Making sense of AI

Ocient raises $15 million more for ‘exabyte-scale’ database tech

The founders of Ocient pose for a rooftop photo.

Image Credit: Ocient

Ocient, which is developing a platform that analyzes large and complex data sets, today announced it has secured a $15 million extension of the $10 million round it announced in March 2018. The startup says the funds will support continued product research and development, along with its recruiting, business, and sales efforts.

In 2018, the world was creating an estimated 2.5 quintillion bytes of data each day, a number that has risen exponentially in the past two years. But enterprises are struggling to harness all that data — a survey conducted by NewVantage Partners found that 52% of participants believe they’re not competing on data and analytics.

Ocient was cofounded in 2016 by Chris Gladwin, who sold his previous venture — object storage software and systems developer Cleversafe — to IBM for more than $1.3 billion in 2015. Ocient aims to wrangle large data sets for enterprises across domains, dealing in spreadsheets measured in the tens of terabytes, petabytes, or exabytes, with trillions to quadrillions of rows.

The company’s relational database and analytics software platform can ingress billions of rows per second while filtering and computing aggregate results up to trillions of rows per second. It’s designed to play nicely with industry-standard hardware and the public cloud, enabling SQL and intra-database machine learning on multi-petabyte corpora and interactive query response time with second- to sub-second data latency.

Gladwin says the platform benchmarks at five to 1,000 times faster — and typically around 50 times faster — than high-performance alternatives like Presto, and up to 1,000 times faster than leading NoSQL and Hadoop-based databases when querying a large data set with the same hardware, queries, and data. He also claims that it’s more performant than solutions from competitors like Bigstep, Cloudian, and Termaxia.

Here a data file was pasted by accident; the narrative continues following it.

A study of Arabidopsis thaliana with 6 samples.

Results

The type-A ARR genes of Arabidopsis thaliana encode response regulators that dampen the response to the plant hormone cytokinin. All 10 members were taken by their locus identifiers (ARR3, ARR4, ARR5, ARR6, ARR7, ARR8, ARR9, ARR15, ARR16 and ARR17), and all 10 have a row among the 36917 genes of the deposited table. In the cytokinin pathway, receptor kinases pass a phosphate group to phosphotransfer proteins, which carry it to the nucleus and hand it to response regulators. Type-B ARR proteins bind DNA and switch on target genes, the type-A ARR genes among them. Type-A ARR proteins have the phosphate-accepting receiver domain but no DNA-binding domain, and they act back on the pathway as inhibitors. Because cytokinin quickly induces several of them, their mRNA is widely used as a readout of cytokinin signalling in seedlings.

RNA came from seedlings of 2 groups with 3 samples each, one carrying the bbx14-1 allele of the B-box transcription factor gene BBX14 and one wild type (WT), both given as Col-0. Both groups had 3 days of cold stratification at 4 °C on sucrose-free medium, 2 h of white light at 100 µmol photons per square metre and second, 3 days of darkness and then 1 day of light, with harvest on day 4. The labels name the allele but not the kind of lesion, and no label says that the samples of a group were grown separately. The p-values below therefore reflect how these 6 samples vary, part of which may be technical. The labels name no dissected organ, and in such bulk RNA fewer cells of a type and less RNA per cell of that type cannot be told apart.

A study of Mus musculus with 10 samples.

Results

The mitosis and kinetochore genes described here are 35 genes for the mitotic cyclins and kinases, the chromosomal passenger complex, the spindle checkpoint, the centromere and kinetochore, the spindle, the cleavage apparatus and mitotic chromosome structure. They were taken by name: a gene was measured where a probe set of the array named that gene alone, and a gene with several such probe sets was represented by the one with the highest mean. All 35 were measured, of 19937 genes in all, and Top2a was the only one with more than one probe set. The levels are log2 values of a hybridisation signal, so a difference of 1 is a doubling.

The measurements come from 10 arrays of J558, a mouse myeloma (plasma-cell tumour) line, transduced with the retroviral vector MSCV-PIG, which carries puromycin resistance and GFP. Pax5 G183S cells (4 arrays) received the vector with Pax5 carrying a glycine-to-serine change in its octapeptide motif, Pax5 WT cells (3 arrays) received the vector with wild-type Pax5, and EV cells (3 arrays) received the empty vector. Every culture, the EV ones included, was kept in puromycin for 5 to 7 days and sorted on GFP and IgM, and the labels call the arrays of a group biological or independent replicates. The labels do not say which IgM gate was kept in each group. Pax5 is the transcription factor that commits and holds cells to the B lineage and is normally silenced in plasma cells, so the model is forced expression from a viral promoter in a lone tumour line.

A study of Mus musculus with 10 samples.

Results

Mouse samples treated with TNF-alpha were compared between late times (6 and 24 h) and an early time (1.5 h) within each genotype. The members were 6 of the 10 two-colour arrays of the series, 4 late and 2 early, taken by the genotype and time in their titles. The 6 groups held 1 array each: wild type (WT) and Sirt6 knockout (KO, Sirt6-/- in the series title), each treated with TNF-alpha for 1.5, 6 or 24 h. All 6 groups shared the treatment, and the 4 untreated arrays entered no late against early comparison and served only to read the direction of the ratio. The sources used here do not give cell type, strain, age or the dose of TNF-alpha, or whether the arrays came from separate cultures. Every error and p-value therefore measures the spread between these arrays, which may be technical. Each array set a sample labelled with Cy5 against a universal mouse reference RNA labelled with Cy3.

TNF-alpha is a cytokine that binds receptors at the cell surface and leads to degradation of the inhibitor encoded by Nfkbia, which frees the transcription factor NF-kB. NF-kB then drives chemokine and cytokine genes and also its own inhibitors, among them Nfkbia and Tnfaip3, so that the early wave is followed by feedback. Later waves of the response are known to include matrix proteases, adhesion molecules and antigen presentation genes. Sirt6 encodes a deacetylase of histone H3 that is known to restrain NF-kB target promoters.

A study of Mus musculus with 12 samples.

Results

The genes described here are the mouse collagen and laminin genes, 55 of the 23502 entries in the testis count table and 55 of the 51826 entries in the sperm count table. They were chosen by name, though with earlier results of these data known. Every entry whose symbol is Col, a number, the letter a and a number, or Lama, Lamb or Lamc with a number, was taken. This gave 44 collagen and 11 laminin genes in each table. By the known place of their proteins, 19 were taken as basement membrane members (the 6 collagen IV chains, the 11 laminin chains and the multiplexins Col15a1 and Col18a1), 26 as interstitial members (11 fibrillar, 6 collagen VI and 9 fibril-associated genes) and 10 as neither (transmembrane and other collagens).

“The exponential growth of data will make today’s big data solutions woefully inadequate for organizations’ analytics needs in the not-too-distant future,” he said in a statement. “Ocient is purpose-built for gaining insights in interactive time from the data tsunami every enterprise is tackling not just now, but for many years into the future.”

OCA Ventures led the $15 million extension, with participation from In-Q-Tel, the U.S.-based not-for-profit that invests on behalf of the CIA and other intelligence agencies. The new funds bring the company’s total raised to $25 million. It has also hired Kumar Abhijeet as VP of global sales and marketing, Andrew Baptist as VP of engineering, and Bill McCarthy as chief operating officer.

Ocient says it has already hired 15 employees and nine interns in 2020, bringing its employee count to over 50. And the Chicago-based company plans to more than double its headcount over the next year.